Barbara Sumner Burstyn and Ron Law complained about an editorial in Hawke's Bay Today headed "Foolish not to vaccinate", and published on April 18, 2005.

The Press Council does not uphold the complaint.

The editorial opened with the statement, "As the meningococcal-B vaccination campaign is rolled out through the region, the thoughts of the anti- vaccination lobby have begun to appear in the letters to the editor column once again."

The editorial referred to the "anti-immunisation lobby" having a right to their opinions, but quoted statistics concerning meningococcal disease, the epidemic in New Zealand and deaths since 1991. The editorial concluded, "The sooner all the children in the region, whose parents consent, are vaccinated, the safer all of us will be."

The complainants had first objected to the editor that "this editorial contained a number of factually incorrect statements and falsely characterised all attempt at public discourse on this vaccine as anti-immunisation."

The complainants asserted that the main lobby to ensure that the ministry of health's full documentation on the MeNZB(tm) vaccine was made publicly available was not connected to any anti-immunisation organisation, but consisted primarily of the complainants. "We are not anti-immunisation and are not affiliated with any anti-immunisation group. Our motives are grounded in the belief that the public has a right to know about the bad science and policy that surrounds this particular medicine."

To the Press Council, the complainants reiterated their objection to the statements in the editorial. "It is essential, for parents attempting to gather information to make an informed choice, that the media in New Zealand remain neutral. This requires at least a modicum of recognition that those with a vested interest and the concomitant budget will, of necessity, employ spin-doctors and that such information could be tainted. In order for parents to achieve [informed consent] we seek a published retraction of the false statements made in the editorial and the publication of a more balanced view of this subject."

The editor initially offered the complainants a chance to have their response to the editorial published in a letter to the editor, which the complainants rejected as inadequate. To the Press Council, the editor responded that the editorial was fair opinion, and that the newspaper was willing to publish unfavourable reaction to its opinions as letters, not as a lengthy retraction. He said the newspaper was not in the habit of "publicly recanting to appease one side in an issue in which there are strong, polarised views."

The editorial did include an error referring to a figure of "about 200 deaths a year" which was then self-corrected further down the editorial which stated, since 1991 220 people have died. The editor could have acknowledged this inconsistency.

Press clippings the editor submitted with his response included a feature story "Vaccination - a shot in the dark?" published in Hawke's Bay Today on March 21, less than a month before the editorial. In this feature, the complainants' views were quoted at some length. Run in association with the feature were a story about a woman who gave reasons for not having her two primary school-age children vaccinated, and another about a mother who urged vaccination after her 19-year-old son contracted meningococcal disease and almost died.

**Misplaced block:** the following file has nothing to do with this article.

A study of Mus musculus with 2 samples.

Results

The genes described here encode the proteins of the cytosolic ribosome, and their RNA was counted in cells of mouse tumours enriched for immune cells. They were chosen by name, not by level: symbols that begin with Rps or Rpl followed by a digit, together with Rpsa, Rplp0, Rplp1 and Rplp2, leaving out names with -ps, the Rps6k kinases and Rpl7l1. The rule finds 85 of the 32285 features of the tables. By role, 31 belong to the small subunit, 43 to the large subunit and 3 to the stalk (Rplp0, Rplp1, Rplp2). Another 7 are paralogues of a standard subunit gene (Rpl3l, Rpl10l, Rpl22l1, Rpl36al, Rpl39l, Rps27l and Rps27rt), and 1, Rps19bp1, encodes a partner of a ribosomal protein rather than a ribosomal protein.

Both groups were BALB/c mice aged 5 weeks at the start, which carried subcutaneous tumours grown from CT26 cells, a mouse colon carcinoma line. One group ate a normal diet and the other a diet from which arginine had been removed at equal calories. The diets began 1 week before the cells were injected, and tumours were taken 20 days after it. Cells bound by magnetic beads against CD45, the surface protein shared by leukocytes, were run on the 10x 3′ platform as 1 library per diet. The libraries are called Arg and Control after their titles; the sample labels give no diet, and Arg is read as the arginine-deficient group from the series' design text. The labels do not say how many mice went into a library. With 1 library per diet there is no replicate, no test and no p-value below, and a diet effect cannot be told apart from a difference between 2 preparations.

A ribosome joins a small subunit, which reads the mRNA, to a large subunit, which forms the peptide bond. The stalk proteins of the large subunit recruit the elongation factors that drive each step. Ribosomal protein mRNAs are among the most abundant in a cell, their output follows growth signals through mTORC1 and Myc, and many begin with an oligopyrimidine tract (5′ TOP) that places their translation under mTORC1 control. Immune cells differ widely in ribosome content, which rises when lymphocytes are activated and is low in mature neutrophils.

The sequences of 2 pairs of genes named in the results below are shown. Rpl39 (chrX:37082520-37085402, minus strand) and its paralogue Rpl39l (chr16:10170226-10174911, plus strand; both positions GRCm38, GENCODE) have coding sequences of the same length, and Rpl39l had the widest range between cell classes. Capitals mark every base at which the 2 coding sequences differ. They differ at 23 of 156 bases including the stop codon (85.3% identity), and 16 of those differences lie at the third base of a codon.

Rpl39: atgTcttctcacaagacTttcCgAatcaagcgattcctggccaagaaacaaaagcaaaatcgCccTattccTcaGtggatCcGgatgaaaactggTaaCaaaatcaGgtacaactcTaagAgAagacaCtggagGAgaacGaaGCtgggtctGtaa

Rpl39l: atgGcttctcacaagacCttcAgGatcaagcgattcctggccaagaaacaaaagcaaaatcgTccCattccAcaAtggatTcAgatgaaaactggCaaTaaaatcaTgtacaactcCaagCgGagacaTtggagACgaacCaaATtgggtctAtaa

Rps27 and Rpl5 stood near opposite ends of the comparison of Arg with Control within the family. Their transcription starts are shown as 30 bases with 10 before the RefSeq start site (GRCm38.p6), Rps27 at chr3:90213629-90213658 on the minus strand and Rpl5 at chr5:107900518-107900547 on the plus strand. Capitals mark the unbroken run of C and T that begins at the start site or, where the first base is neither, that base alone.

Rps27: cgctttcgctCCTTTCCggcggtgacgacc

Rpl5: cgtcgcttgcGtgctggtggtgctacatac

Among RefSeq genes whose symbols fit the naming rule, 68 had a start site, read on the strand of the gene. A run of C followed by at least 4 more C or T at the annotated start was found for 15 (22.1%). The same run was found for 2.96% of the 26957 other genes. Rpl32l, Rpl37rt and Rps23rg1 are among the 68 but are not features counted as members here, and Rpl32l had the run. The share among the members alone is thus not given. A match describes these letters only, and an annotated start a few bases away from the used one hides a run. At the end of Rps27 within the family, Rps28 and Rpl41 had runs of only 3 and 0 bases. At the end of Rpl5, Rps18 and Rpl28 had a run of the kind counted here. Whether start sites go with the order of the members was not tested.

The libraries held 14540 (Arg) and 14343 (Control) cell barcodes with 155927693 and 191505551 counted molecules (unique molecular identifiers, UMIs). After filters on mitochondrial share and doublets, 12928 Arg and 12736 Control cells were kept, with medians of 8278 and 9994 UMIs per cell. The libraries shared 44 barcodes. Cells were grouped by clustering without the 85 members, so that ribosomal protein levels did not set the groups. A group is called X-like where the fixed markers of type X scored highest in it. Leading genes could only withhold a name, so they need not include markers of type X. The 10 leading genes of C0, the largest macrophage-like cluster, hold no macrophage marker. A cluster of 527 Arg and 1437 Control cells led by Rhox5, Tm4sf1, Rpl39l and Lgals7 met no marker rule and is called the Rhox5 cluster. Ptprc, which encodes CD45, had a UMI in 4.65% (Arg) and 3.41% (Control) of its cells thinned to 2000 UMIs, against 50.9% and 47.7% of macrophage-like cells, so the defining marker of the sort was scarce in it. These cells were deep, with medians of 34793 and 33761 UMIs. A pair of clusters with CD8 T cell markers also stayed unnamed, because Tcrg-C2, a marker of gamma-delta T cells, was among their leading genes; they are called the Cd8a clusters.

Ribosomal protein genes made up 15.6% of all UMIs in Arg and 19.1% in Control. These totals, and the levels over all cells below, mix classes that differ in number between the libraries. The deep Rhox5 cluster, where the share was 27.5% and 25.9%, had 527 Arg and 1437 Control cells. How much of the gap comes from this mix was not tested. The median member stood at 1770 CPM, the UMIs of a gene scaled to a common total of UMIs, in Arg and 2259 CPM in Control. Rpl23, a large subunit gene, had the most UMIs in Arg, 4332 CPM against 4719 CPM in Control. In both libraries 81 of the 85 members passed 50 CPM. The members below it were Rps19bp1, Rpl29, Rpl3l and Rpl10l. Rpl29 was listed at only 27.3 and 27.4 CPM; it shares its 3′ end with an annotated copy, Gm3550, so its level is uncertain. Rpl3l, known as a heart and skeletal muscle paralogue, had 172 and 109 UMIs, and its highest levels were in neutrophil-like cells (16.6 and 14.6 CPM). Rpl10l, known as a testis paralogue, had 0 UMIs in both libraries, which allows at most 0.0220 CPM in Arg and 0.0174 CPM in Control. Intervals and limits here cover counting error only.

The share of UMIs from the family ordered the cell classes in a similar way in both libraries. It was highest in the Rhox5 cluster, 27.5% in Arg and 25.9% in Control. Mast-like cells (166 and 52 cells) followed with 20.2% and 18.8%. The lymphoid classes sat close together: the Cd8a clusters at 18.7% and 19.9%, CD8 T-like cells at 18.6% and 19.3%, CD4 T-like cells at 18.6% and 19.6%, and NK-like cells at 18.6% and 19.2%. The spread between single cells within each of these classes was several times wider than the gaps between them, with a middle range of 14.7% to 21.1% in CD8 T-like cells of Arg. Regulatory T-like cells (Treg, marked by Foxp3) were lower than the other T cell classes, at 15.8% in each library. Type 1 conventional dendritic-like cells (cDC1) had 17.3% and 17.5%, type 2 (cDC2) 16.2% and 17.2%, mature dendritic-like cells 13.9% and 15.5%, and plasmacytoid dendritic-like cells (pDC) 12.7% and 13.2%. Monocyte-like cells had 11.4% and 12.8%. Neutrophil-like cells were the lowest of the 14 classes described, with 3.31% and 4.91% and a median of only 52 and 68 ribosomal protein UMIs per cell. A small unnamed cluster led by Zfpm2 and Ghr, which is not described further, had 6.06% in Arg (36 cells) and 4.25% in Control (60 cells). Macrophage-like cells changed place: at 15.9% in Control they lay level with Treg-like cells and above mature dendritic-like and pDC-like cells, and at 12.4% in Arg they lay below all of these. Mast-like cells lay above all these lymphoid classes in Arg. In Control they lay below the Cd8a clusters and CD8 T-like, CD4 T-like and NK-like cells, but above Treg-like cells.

Also quoted in the feature were Ministry of Health statistics about the disease and deaths that were re-used in the editorial. The editor quoted from an email from one of the complainants that commended the health reporter who wrote the feature story. The editor also included other stories from the newspaper that covered the debate about immunisation and the meningococcal vaccine.

The Press Council receives complaints from time to time about newspaper stories on controversial major social issues of the day such as immunisation or climate change. Even statistics and factual matters can be open to debate which suggests that the subject matter may not be as clear-cut as either side may declare it to be. The facts in the editorial which are disputed by the complainants can be demonstrated to have been sourced from medical authorities. That they are a matter of debate does not prevent the newspaper from using them.

The combination of advocacy by those challenging authorities in a technical subject along with the publication of their views, presents the news media with a dilemma. Those not scientifically qualified in the topic under debate may still claim rights to air their views on an equal footing, as a matter of balance. The press in general may dispute that claim, but not have the expertise in its own ranks to assess the merits of the claim, nor the desire to assert that in some stories there may be no case to answer.

It is not for the Council to determine the rights or wrongs of one side or the other where expert opinion is in direct conflict. In the case of the immunisation debate, both sides cite well-qualified medical authorities with strong opinions and interpretations of various factual matters, and sometimes the views expressed are diametrically opposed.

The Press Council can comment only on the ethics of the journalistic coverage. Here Hawke's Bay Today has expressed the newspaper's own opinion, as it is entitled to, in the most appropriate place, the newspaper's editorial column. The newspaper showed that it had already aired the views of parties to the debate before deciding to declare its own point of view, and this simply reinforces the proper nature of its behaviour.

The complaint is not upheld.

Press Council members considering this complaint were Sir John Jeffries (Chairman), Suzanne Carty, Aroha Puata, Ruth Buddicom, Alan Samson, Murray Williams, Denis McLean, Keith Lees, Terry Snow and John Gardner.